Hepatitis A affects people of all ages, from young children to elderly adults. The severity of the disease generally intensifies with the age of the patient, with younger children often appearing asymptomatic (no noticeable symptoms).
Common symptoms include:
- Loss of appetite
- Sudden feaver
- Abdominal discomfort or cramps
- Dark coloured urine
- Jaundice (skin and whites of the eyes appear yellowish)
In mild cases the illness can last 1-2 weeks but in severe cases could last for several months. In extremely rare serious cases it may result in liver failure and death.
The incubation period is the period of time from when the patient was infected to the onset of symptoms, if symptoms are present. This can range from 6 days to 6 months. However, the average incubation period is 20-30 days.
Carriers usually contract the disease at birth or at a young age. It will then take many years(usually 50-60) before complications appear.
- Inflammation of the liver occurs sometimes , but rarely shows symptoms
- This is a silent killer
- Usually carriers will not feel pain or discomfort in their day to day life
- However it is usually too late for treatment to help when symptoms do finally appear - e.g. bloating due to ascites, internal bleeding or jaundice
- Can lead to cancer
Hep B carriers have a much greater chance of suffering from liver cancer due to repeated liver inflammation and cirrhosis. When we hear someone complaining about feeling unwell it is not uncommon for that person to pass away in a short period of time upon diagnosis of liver cancer. Therefore Hep B patients should have careful examinations which include periodic blood test, ultrasound of the abdominal or CT scan of the liver.
As mentioned, Hep C does not present any warning signs or symptoms until the disease has caused damage to the liver such as cirrhosis. The symptoms of liver failure caused by cirrhosis include:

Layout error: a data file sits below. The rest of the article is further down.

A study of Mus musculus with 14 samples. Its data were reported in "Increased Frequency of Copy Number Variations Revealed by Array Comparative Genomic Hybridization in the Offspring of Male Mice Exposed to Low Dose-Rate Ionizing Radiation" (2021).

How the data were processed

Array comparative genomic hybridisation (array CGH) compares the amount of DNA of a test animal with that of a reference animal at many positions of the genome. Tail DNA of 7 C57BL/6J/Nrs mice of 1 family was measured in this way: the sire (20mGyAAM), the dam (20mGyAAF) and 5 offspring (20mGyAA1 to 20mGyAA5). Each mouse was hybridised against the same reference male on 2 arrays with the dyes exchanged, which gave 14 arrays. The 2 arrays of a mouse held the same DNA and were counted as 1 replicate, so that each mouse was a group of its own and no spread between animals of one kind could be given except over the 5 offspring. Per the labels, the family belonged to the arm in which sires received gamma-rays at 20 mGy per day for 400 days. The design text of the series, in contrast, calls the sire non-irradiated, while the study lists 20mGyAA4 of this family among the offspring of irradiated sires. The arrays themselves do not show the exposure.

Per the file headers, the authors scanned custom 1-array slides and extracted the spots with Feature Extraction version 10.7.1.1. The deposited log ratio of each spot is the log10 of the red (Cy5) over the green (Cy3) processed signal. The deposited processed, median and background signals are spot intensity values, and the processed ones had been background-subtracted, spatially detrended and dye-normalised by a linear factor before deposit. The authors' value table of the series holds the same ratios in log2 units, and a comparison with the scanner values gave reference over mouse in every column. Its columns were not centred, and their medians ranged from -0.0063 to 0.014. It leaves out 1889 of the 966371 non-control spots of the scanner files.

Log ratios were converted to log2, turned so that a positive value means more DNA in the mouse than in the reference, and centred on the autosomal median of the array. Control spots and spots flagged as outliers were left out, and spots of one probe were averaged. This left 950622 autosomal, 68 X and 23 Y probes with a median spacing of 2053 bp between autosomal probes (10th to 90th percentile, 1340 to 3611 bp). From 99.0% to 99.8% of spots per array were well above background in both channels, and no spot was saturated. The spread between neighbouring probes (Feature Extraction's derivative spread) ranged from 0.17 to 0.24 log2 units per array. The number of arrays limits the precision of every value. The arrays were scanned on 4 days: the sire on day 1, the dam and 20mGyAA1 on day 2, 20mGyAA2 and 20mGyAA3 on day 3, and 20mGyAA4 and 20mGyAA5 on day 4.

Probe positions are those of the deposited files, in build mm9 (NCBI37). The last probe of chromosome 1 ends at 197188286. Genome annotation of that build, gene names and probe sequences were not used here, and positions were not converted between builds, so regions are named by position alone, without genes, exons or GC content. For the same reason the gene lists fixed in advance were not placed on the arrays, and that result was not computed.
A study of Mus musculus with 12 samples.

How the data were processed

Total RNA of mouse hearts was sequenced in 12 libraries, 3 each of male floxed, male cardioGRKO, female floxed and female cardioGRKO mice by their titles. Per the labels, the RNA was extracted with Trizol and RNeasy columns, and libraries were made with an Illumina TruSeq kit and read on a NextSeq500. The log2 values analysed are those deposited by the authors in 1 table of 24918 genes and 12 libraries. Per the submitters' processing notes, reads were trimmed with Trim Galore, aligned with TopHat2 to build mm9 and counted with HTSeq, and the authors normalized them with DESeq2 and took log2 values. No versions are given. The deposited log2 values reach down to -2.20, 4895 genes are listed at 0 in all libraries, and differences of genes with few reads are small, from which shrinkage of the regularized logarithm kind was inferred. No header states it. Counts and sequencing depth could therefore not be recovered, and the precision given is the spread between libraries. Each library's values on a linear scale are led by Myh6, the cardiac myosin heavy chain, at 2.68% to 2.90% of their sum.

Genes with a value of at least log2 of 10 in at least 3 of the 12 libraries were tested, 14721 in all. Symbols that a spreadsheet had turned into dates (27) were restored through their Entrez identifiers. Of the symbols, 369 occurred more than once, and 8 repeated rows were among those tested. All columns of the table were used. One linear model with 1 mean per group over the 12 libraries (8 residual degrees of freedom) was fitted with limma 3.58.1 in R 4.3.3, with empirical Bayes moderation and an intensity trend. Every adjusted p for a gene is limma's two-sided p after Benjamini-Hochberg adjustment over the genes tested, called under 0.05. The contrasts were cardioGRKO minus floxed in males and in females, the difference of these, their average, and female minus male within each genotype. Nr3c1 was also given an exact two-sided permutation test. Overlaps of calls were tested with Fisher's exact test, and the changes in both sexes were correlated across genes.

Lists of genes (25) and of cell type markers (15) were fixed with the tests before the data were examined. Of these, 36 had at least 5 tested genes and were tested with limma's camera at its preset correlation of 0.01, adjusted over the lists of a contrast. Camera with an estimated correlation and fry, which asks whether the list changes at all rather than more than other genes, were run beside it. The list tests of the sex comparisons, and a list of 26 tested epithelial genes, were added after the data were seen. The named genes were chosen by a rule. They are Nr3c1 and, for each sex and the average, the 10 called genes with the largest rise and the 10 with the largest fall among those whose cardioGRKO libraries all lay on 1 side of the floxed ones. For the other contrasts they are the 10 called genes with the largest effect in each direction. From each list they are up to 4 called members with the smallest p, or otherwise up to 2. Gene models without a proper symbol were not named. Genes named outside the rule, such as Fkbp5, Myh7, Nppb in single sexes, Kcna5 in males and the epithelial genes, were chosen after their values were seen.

- Esophageal varices:
- varicose veins of the esophagus that tend to cause sever bleeding
- When this ocuurs there is a 1 in 5 chance that it will lead to death
- Jaundice - the eyes and skin will turn yellow
- Ascites - accumulation of large amount of liquid in the abdomen
- Liver cancer
A not surprising fact is that the most common reason for a liver transplant in Canada and North America is due to Hep C. In B.C. 35% of liver transplants are due to it. Liver transplants generally produce good results with 85% of patients surviving at least one year after the transplant and 75-80% surviving for 5 years. Unfortunately there is a much greater “need” for the organ than there is a “supply”.
Between 2003 and 2005 B.C. transplantation society carried out 103 liver transplants. During the same period, the number of newly recommended liver transplant patients reached 505 cases. This trend seems to be continuing without any sign of change. Before getting to the late stages of liver disease any symptoms should not be overlooked.
How to diagnose fatty liver?
- There are no signs and symptoms for fatty liver. The liver can be slightly enlarged but it would require a very skilled doctor to detect this slight increase in size during a normal checkup.
- Fatty liver is usually discovered during a check-up for other diseases. The most common is during an ultrasound examination of the gallbladder. No wonder there is a Chinese saying “the liver and gallbladder are a reflection of each other”.
The signs and symptoms of late stage fatty liver disease are very similar to hepatitis. As liver cells are replaced by fat cells the liver gradually loses its ability to function. The fibers in the liver will also increase and contract causing the liver to decrease in size. As a result, fibrosis occurs. This is called cirrhosis.